Somewhere Over the Rainbow team raises money for Alzheimer’s research
Within the time you read this article, at least one person will have been diagnosed with Alzheimer’s disease.
The Alzheimer’s Association’s Walk to End Alzheimer’s is trying to stop Alzheimer’s disease by raising money for Alzheimer’s research, with the help of family-and-friend teams across the nation.
One of those teams, Somewhere Over the Rainbow, held a yard sale on the lawn of St. Agnes Catholic Church Saturday, as one of the many annual fundraising activities the 28-member group holds throughout the year.
“We’re a specific team made up mostly of family,” said Shepherd University graduate Teather Smith, who is now a social worker in Martinsburg.
Smith said the group raises about $9,000 a year for the Alzheimer’s Association to honor the memory of her grandfather, John Mark Wiley, Sr., of Harpers Ferry.
Wiley, a former bus driver in the Jefferson County School system, was diagnosed with Alzheimer’s disease in 2001. His ex-wife and Smith’s grandmother, Donna Verzich, let him live with her in her trailer for a year-and-a-half, until he started to become aggressive due to his dementia. He was then moved to a nursing home, where Smith’s mother, Julia Wiley, of Kearneysville, cared for him until his passing in January 2013.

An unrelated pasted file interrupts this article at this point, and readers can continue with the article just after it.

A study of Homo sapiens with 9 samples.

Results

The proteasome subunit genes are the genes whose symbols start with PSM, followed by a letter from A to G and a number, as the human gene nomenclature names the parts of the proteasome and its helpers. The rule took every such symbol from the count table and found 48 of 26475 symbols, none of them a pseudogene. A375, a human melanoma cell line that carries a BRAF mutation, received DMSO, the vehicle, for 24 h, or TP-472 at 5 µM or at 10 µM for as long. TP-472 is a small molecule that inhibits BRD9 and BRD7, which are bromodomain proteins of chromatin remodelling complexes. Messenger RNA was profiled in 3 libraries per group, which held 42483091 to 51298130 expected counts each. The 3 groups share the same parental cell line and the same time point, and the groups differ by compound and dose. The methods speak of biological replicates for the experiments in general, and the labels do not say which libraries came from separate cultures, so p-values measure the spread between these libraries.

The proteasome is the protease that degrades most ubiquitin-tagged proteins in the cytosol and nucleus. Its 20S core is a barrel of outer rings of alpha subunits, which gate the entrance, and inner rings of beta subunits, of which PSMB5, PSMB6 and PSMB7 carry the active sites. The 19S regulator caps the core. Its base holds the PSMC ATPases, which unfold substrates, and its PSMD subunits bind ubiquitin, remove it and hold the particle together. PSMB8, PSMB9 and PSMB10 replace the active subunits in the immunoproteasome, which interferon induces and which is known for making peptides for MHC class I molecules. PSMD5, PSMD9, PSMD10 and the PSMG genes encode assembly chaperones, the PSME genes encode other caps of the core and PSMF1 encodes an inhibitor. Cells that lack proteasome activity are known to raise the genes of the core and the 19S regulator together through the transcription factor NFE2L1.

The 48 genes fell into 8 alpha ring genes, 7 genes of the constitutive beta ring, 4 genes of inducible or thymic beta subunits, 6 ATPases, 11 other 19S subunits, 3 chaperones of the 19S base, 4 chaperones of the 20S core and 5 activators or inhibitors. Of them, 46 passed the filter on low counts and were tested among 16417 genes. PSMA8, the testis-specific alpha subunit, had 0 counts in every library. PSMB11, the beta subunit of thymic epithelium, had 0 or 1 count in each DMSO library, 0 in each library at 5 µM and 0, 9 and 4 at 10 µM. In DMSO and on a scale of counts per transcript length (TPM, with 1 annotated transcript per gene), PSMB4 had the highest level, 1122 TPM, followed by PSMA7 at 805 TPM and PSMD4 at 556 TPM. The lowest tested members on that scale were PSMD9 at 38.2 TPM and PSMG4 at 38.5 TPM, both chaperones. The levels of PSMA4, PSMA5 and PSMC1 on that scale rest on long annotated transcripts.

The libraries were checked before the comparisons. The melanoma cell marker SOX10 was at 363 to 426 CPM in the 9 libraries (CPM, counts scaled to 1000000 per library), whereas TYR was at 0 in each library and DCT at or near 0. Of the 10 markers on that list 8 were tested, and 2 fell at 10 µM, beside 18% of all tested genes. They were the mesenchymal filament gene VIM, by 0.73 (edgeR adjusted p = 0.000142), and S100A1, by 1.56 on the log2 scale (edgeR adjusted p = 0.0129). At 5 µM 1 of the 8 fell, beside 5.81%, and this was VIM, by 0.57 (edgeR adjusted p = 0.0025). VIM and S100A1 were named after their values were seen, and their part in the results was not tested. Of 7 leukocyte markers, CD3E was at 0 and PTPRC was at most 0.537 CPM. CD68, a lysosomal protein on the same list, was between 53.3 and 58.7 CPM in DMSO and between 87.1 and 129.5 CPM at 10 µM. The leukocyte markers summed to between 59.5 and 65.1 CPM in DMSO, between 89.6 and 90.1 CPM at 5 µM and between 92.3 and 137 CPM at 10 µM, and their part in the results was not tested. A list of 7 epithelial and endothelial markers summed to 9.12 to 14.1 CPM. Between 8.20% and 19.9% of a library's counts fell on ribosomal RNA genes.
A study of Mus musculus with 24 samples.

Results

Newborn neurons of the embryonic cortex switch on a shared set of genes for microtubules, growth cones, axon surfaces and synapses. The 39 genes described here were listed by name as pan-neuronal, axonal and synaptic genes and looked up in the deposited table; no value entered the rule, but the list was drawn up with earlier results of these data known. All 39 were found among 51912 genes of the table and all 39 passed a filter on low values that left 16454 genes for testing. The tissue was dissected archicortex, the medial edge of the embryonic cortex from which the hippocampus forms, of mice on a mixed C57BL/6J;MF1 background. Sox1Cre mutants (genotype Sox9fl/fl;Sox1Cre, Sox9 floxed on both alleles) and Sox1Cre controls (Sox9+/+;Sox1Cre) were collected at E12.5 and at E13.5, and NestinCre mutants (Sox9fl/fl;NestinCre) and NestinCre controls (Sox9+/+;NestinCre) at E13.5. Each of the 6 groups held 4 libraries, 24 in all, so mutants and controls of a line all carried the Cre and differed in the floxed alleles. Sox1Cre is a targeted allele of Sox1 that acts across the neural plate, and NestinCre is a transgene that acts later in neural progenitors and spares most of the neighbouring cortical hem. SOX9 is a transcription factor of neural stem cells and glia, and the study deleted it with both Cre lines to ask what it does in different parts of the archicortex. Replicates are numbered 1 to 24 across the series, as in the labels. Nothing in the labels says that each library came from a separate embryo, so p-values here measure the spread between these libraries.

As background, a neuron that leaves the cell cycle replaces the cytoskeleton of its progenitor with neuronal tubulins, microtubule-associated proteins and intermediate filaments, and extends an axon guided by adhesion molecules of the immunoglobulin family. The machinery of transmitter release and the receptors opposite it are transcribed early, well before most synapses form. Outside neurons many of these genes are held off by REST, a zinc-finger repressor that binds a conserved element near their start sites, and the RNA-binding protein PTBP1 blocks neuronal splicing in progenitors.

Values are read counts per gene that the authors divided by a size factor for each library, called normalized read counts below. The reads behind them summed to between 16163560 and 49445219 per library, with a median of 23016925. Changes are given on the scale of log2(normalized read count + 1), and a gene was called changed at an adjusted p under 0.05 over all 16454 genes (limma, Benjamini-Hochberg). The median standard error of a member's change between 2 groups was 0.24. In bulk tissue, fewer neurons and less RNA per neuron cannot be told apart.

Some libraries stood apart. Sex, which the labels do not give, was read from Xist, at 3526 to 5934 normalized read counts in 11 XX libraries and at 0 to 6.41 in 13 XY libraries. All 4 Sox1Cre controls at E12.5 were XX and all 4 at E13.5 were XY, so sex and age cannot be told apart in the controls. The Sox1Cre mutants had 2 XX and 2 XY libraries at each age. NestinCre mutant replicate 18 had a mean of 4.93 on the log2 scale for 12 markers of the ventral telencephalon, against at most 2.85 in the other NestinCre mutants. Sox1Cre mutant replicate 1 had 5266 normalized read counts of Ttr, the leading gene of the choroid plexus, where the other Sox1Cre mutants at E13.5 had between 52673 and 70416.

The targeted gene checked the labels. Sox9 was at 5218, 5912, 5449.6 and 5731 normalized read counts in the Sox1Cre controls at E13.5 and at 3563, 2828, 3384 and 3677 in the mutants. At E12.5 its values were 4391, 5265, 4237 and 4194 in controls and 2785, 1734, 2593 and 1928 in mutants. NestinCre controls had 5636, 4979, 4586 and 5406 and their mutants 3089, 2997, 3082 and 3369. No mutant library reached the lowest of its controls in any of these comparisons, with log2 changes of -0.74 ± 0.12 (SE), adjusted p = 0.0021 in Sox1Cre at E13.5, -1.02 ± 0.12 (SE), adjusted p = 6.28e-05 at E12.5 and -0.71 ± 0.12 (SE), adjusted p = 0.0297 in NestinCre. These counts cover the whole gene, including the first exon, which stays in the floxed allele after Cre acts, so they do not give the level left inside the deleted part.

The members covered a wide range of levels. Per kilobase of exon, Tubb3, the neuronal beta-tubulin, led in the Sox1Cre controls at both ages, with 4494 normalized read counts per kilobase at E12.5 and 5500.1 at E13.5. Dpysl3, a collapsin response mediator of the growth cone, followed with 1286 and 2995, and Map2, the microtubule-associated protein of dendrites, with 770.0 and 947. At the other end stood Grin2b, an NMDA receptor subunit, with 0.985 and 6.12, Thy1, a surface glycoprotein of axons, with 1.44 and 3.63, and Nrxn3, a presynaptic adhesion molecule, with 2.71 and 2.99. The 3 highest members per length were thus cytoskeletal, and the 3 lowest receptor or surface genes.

“I was with him the day he was diagnosed, and I actually was with him when he passed,” Julia said, mentioning she prepared herself to help him by researching Alzheimer’s disease and reading books about people who were diagnosed with the disease. “The hardest thing about Alzheimer’s was when he didn’t recognize you anymore and then when he became immobile; when he couldn’t get up and take a walk with you, because he was wheelchair-bound.”
Although John knew Julia was his caregiver, he was unable to recognize her face as the disease progressed.
Eight months after his passing, the family joined together under the team name Somewhere Over the Rainbow, taking part in their first Walk to End Alzheimer’s in the Eastern Panhandle. The Walk to End Alzheimer’s in the Eastern Panhandle has 33 teams, which raise over $100,000 collectively each year, according to Smith.
Verzich said a medication has yet to be developed that can consistently alleviate and slow down the progression of the disease’s symptoms.
“If we can’t cure Alzheimer’s disease, I would at least hope to find a medication that would slow down Alzheimer’s effectively, so it wouldn’t happen so rapidly,” Verzich said.
To find out more about the 2018 Eastern Panhandle Walk to End Alzheimer’s, visit act.alz.org/site/TR/Walk2018/WV-WestVirginia?pg=entry&frid=11647.